Cole Haan and Hiroshi Fujiwara's fragment design Give a Streetwear Spin to the Classic Penny Loafer

In an exclusive conversation, Japanese streetwear icon Hiroshi Fujiwara speaks about the collaboration.

Footwear 

Bringing a sense of formality to the project, the collaboration sees Fujiwara apply his artistic touch to Cole Haan’s American classic loafer collection. The penny loafer juxtaposes the formal, traditional dress shoe with the everyday casual lifestyle. In the present day era where sneakers are in abundance in the footwear market, it ushers in a new age of classic shoes. The current street style trend sees the frequent pairing of a relaxed look consisting of baggy trousers and perhaps an oversized sweater or blazer and t-shirt paired with a dressy loafer to keep it formal yet informal. The Cole Haan x fragment design collaboration does just that, bringing a fresh perspective on the classic American penny loafer.

The collaboration arrives in three colorways across two silhouettes. Constructed out of premium full grain leather with a special finish that balances the matte and shine, the American Classics Penny Loafer comes in an all-black iteration and black and white, featuring the “fragment” logo hidden in the tongues. As for the American Classics Tassel Loafer, it arrives in the dual black and white tone as well. Each of the shoes feature a debossed lightning bolt on the lateral rear quarter, a nod to fragment design and Hiroshi Fujiwara’s signature moniker.

The last time you collaborated with Cole Haan was over 10 years ago. How did this project come about?

It was more like working with Cole Haan or Nike, which was the parent company of Cole Haan at the time of my first collaboration. This time, my friend Jeff Staple was involved in the creative side, connected me to Cole Haan. I have always liked loafers and tassels, so I accepted the offer because I thought it would be great if I could make a dress shoe like that.

So you had the idea of working with loafers from the beginning?

Yes, I did. I looked at a lot of different styles, but from the beginning I wanted to work with this silhouette, which later became the base model for this project.

What is your impression of Cole Haan compared to other leather shoe brands?

Dr. Martens is more street-like or youth-oriented, whereas Cole Haan feels more classic and traditional.

How would you compare this collaboration from your previous one with Cole Haan?

In the previous collaboration, the premise was to use Lunar soles for dress shoes, so the concept was different from the beginning. The Cole Haan model that served as the base for this project had a small outsole and was what you would call a dress shoe. For my model, I asked them to give it more volume overall. I used a sole that is one size larger than the upper size to give it a slightly sturdier look. Ordinary leather shoes have a voluminous upper part, but the lower part is thin or small, don’t you think? Recently, some luxury brands use thicker soles, but I don’t think shoe brands do so often. I myself rarely wear shoes with leather soles, and I have no desire to do so in the future, so even for dress shoes, I prefer rubber soles or Vibram soles. This sole itself is unique to Cole Haan, so I used it.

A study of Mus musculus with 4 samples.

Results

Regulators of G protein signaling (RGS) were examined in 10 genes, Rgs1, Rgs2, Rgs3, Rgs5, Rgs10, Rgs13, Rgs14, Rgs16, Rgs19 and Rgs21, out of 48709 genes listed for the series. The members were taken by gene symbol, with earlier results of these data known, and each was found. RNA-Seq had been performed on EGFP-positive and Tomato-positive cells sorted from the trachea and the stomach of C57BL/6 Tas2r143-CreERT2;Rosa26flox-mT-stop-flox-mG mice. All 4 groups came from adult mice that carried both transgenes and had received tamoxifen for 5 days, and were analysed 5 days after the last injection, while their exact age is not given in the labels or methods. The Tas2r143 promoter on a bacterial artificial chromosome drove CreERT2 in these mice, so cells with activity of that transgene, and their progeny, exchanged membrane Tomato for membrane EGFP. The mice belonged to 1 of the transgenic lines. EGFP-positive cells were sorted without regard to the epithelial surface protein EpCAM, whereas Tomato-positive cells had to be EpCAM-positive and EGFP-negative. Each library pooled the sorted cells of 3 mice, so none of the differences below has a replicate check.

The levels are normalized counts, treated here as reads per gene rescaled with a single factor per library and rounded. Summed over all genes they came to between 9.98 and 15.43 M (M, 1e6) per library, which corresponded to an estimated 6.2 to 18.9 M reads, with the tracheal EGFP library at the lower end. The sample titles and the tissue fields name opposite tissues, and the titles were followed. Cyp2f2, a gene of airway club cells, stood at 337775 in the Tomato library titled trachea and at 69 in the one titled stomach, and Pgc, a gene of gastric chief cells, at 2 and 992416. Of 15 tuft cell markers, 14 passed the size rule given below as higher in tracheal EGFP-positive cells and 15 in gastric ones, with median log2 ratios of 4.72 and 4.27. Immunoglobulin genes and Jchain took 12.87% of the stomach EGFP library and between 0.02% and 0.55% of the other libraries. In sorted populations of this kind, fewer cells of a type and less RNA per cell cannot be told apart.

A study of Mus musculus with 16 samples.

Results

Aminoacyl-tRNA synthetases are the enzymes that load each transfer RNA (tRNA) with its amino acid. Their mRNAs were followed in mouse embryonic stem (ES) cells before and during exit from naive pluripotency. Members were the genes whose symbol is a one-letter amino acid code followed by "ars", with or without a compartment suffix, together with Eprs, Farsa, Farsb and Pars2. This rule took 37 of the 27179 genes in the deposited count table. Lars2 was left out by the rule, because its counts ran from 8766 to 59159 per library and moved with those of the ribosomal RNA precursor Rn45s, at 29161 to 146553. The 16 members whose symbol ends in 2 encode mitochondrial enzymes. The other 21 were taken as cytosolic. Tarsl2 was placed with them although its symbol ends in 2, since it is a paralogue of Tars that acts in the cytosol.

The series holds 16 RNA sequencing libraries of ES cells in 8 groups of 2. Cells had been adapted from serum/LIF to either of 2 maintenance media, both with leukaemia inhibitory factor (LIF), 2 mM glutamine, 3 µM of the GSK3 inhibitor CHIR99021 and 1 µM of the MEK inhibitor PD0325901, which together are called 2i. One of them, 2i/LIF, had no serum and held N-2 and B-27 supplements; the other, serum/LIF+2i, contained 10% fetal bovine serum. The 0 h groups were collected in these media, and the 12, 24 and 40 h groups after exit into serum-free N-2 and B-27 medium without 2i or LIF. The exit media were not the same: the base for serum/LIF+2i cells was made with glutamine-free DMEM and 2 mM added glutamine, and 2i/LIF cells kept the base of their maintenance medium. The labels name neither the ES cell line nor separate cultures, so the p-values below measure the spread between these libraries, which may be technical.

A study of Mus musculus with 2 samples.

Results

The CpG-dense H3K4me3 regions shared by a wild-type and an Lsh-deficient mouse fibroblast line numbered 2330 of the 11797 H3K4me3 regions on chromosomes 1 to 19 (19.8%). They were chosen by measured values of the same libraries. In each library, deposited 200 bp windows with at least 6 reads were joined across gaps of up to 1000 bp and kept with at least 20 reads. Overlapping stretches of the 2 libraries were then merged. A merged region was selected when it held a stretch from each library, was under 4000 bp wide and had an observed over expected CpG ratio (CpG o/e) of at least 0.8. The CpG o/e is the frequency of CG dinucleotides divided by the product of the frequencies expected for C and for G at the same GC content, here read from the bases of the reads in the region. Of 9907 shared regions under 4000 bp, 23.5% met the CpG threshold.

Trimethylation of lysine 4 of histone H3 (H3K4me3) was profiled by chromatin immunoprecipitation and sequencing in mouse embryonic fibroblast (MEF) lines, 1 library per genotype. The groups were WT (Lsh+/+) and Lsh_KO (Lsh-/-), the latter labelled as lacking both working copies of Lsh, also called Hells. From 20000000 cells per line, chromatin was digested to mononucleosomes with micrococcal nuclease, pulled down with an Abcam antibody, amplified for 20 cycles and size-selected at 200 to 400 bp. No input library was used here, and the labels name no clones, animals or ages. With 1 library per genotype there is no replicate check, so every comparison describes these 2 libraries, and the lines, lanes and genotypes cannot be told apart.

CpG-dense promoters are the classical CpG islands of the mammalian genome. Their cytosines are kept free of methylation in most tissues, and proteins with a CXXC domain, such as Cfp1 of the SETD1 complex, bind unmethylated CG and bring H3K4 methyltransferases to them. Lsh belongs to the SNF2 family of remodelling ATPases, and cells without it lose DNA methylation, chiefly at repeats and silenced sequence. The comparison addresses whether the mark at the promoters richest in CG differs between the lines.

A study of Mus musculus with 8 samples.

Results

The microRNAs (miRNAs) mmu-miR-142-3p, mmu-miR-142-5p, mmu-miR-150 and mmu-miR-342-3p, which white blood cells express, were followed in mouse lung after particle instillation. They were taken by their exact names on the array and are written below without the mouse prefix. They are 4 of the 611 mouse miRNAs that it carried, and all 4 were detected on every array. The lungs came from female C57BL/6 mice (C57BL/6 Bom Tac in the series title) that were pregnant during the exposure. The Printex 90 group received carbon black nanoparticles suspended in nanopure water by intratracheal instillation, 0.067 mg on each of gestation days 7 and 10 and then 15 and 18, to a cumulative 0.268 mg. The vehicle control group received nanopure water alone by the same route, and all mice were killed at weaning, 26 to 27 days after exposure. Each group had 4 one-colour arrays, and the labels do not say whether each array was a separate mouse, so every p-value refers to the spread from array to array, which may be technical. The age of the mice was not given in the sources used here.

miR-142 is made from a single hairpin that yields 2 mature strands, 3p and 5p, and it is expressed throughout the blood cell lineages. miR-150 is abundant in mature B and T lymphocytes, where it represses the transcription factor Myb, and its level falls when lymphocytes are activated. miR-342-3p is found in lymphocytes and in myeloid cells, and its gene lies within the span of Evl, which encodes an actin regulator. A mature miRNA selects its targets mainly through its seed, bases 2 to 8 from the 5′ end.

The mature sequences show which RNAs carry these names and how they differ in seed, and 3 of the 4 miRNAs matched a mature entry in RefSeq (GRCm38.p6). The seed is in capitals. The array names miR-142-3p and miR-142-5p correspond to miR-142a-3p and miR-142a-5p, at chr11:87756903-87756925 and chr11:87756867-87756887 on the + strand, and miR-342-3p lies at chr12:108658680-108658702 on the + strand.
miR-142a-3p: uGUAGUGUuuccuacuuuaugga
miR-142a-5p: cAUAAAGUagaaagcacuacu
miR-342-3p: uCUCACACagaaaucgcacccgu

After all, these are shapes of dress shoes, aren’t there? The tip of the shoe is slightly pointed. I am very cognizant about the balance of shoe sizes when viewed from above and I am particular about the shape of my shoes. I am part of the rubber sole generation, so I like larger soles.

The color scheme is quite interesting. Can you describe the way you have designed the shoe, specifically the color blocking?

I wondered how I could play with it and it was one of the many things I tried. It is certainly an unusual color pattern, separating the upper into two parts. It seems like a lot of trouble for the production team, doesn’t it?

How long did the collaboration come to fruition?

It took a lot of time because of COVID. I think we had to redo the sample about three times. But I think that’s why we worked so hard on it. They look like they could be made anywhere, but I think they have a unique finish.

Can you describe the feel of the shoe? They are surprisingly lightweight.

It’s really light, isn’t it? Heavy things have an image of luxury. I want you to try them for yourself to see how comfortable they are.

When you think of Hiroshi, many people think of sneakers, but have you been wearing tassel loafers for a long time?

Yes, I have been wearing tassel loafers for a long time. Sneakers give off a youthful aesthetic when you wear them and I think fashionable adults tend to wear leather shoes. Loafers are in a completely different category.

Do you change your styling when pairing with leather shoes?

I don’t change much, but maybe a little. With larger denim, sneakers fit better, so I make adjustments from time to time.

Is there any difference in the way you design leather shoes compared to sneakers?

I don’t really create something new from scratch. I mix multiple elements to create a new form, so there is continuity in my products.

Which loafer is your favorite?

Personally, I think it is the all-black Friends and Family model. I usually wear sneakers, but lately I’ve been wearing these all the time!

Each pair is priced at $220 USD and will be available online at Cole Haan starting on March 8 in Japan, South Korea, and Indonesia. Stay tuned for more information on the US & global drop here.